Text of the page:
Quick Guide to Statutory Law

This is a quick guide to federal statutory law, focusing on current information.

For detailed information on the lawmaking process, including historical materials, see the guide: U.S. Congressional Publications & Legislative Process.

Index

The Word "Title"

The subjects in the U.S. Code are called "Titles" and are approximately the same as the titles in the Code of Federal Regulations.

The word "Title" has different meanings in different sources of law.

Title of an Act: National Firearms Act

Sources call this Name and do not use the word title.

Title is a section of a law: Title 9 of the Education Amendments of 1972

Title is a subject arrangement in a code

What is Statutory Law?

The U.S. Capitol Building

There are three types of law which prevail at the federal, state, and local levels of government in the United States:

  • Statutory Law (or session laws)
  • Judicial (or Case law)
  • Regulations (or Administrative Law)

Statutory law consists of the acts of legislatures.

Statutory law is published in several forms and by different publishers. If federal statutes need to be cited in court, use the official edition published by the Government Printing Office.

Bills

H.R.6536 - No School Bus Drivers with DUIs Act of 2016, 114th Congress (2015-2016), 2d session. (congress.gov)

Bills, resolutions, etc., are the forms in which legislation is proposed.

Slip Laws / Public Laws

When a bill is passed into law, it is "enacted." A law is first published as a slip or pamphlet. The law is identified with a PL (Public Law) numbers. The Public Law number consists of the Congress number and a sequential number assigned chronologically.

The law is also identified with a Stat (Statutes at Large) numbers. The Stat number is the number the law will have when it is reprinted in the Statutes at Large.

Public Law No: 115-45. Wounded Officers Recovery Act of 2017 (115th Congress, 45th law passed).

131 STAT. 956 (Vol. 131 of Statutes at Large beginning on page 956)


Statutes at Large

82 Stat.1213 - Gun Control Act of 1968  PL 90-618 (HeinOnline)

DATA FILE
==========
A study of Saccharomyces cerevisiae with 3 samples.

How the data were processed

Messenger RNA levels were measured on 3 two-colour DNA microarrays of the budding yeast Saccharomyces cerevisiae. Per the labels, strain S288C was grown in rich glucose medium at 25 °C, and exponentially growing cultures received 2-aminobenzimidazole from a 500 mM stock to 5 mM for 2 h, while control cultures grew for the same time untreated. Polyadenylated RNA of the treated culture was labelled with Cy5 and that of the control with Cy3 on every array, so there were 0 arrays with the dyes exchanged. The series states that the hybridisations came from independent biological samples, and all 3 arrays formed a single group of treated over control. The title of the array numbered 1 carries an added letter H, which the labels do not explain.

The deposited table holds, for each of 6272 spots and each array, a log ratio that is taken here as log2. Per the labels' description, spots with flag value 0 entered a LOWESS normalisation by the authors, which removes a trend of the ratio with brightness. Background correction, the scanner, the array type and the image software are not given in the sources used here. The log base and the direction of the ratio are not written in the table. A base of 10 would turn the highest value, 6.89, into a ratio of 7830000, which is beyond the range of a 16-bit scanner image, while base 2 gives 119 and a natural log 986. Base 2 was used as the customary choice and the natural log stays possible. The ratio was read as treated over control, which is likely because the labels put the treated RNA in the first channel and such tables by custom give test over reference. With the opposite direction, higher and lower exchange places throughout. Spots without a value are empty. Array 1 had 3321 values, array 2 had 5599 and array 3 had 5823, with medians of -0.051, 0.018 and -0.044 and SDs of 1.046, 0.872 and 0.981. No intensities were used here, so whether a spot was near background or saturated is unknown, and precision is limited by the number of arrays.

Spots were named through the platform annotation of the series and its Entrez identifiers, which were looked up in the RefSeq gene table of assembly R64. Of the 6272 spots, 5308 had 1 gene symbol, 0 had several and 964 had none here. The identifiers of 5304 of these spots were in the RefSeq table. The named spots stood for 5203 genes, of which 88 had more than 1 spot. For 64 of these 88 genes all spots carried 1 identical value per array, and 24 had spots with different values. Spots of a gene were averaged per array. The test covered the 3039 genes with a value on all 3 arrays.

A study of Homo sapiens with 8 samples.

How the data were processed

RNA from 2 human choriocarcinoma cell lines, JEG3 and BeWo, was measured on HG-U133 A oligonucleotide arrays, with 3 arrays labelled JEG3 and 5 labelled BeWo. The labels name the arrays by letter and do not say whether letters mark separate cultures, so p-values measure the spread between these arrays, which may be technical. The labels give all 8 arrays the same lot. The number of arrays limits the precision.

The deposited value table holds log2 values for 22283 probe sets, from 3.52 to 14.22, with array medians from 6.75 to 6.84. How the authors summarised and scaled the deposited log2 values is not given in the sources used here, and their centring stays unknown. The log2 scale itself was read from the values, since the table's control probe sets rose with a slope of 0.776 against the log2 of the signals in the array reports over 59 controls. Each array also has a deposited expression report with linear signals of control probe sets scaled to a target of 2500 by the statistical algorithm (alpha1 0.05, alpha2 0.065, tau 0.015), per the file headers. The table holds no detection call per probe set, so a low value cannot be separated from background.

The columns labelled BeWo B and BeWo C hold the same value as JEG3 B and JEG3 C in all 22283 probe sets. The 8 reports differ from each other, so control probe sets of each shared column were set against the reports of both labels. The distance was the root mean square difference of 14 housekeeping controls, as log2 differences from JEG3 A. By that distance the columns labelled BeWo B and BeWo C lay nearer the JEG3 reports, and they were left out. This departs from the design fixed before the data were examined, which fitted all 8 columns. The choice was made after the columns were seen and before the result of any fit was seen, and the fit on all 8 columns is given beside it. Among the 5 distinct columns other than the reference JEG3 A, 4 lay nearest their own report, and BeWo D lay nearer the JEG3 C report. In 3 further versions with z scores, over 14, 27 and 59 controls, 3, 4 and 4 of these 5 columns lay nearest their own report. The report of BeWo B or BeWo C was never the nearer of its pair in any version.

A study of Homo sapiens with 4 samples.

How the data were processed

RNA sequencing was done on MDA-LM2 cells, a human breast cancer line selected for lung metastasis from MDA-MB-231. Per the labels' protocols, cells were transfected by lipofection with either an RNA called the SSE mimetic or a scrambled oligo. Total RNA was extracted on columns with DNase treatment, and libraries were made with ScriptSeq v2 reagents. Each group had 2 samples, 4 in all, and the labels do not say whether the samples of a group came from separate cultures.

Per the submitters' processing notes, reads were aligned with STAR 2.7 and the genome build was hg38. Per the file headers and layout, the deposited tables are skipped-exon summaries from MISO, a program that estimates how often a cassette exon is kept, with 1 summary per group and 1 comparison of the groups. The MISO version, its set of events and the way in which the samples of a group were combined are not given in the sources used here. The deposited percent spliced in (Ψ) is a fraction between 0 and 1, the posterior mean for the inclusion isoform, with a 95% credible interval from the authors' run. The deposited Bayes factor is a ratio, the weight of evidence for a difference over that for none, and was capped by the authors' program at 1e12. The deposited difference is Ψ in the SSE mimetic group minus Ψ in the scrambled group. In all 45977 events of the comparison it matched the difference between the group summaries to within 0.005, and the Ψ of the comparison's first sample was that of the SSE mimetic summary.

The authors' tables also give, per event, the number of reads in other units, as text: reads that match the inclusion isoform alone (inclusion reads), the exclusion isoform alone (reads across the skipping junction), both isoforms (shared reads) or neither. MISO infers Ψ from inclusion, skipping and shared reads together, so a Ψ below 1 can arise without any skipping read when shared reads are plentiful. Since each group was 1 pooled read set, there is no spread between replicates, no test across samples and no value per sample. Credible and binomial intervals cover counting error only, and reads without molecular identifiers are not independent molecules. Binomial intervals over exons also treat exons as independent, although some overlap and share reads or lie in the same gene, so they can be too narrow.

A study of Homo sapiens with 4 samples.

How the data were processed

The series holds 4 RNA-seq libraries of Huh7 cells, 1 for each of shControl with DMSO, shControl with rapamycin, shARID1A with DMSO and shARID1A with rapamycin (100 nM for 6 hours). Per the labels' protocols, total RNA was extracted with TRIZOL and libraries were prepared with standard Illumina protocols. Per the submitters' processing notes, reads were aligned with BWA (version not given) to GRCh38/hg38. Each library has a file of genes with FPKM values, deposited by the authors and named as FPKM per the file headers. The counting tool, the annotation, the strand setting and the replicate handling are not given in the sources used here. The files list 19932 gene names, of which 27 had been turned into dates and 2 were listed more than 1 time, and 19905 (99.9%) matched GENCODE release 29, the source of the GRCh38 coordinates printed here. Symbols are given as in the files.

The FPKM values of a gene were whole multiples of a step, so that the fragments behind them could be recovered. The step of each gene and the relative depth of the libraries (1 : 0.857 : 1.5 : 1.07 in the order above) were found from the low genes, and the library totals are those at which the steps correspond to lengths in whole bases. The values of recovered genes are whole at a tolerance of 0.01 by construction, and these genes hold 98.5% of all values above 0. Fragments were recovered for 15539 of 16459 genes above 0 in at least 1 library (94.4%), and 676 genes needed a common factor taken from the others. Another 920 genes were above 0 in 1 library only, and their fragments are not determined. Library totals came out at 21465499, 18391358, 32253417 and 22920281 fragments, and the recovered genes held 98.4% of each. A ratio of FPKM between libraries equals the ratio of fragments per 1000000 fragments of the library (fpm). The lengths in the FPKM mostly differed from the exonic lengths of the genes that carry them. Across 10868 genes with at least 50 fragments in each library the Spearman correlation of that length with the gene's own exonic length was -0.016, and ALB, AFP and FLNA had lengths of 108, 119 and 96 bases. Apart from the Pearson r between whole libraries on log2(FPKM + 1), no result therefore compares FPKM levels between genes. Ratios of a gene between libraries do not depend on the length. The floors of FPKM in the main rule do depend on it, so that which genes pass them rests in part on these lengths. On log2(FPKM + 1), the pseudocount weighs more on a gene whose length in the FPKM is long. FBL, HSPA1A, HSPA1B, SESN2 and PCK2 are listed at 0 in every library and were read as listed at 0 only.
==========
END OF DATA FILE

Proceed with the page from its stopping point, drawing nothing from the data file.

The United States Statutes at Large is the collection of all laws and resolutions (public and private) enacted during each session of Congress, in chronological order. Also called session laws. Pages are identified with both PL (Public Law) and Stat (Statutes at Large) numbers.

Note:

It takes a very long time to consolidate Statutes into volumes (7-8 years). For more current laws, see Public Laws and USCCAN supplements.

Legal Citations to Statutes

The legal citation for a statutory law can be to the the Public Law / Statute version or to the codified version of the law.

A Public law citation has the abbreviation P.L. (or Pub. L.), the Congress number, and the law number.

A Statutes at Large citation has the abbreviation Stat, the volume number, and the beginnning page.

 

 

Codes

18 USC 921 (Title 18 CRIMES AND CRIMINAL PROCEDURE, Chapter 44 Firearms, section 921 Definitions) govinfo

The Code is a subject arrangement (codification) of all the public laws currently in force. It includes all the laws of a general or permanent nature but does not include Private Laws. The subjects are called "Titles" and are approximately the same as the titles in the Code of Federal Regulations.

Legal Citations to Codes

The legal citation for a statutory law can be to the the Public Law / Statute version or to the codified version of the law.

 

Subject Librarian


Illustration of the publishing process of statutes and regulations. Sometimes a picture is worth a thousand words!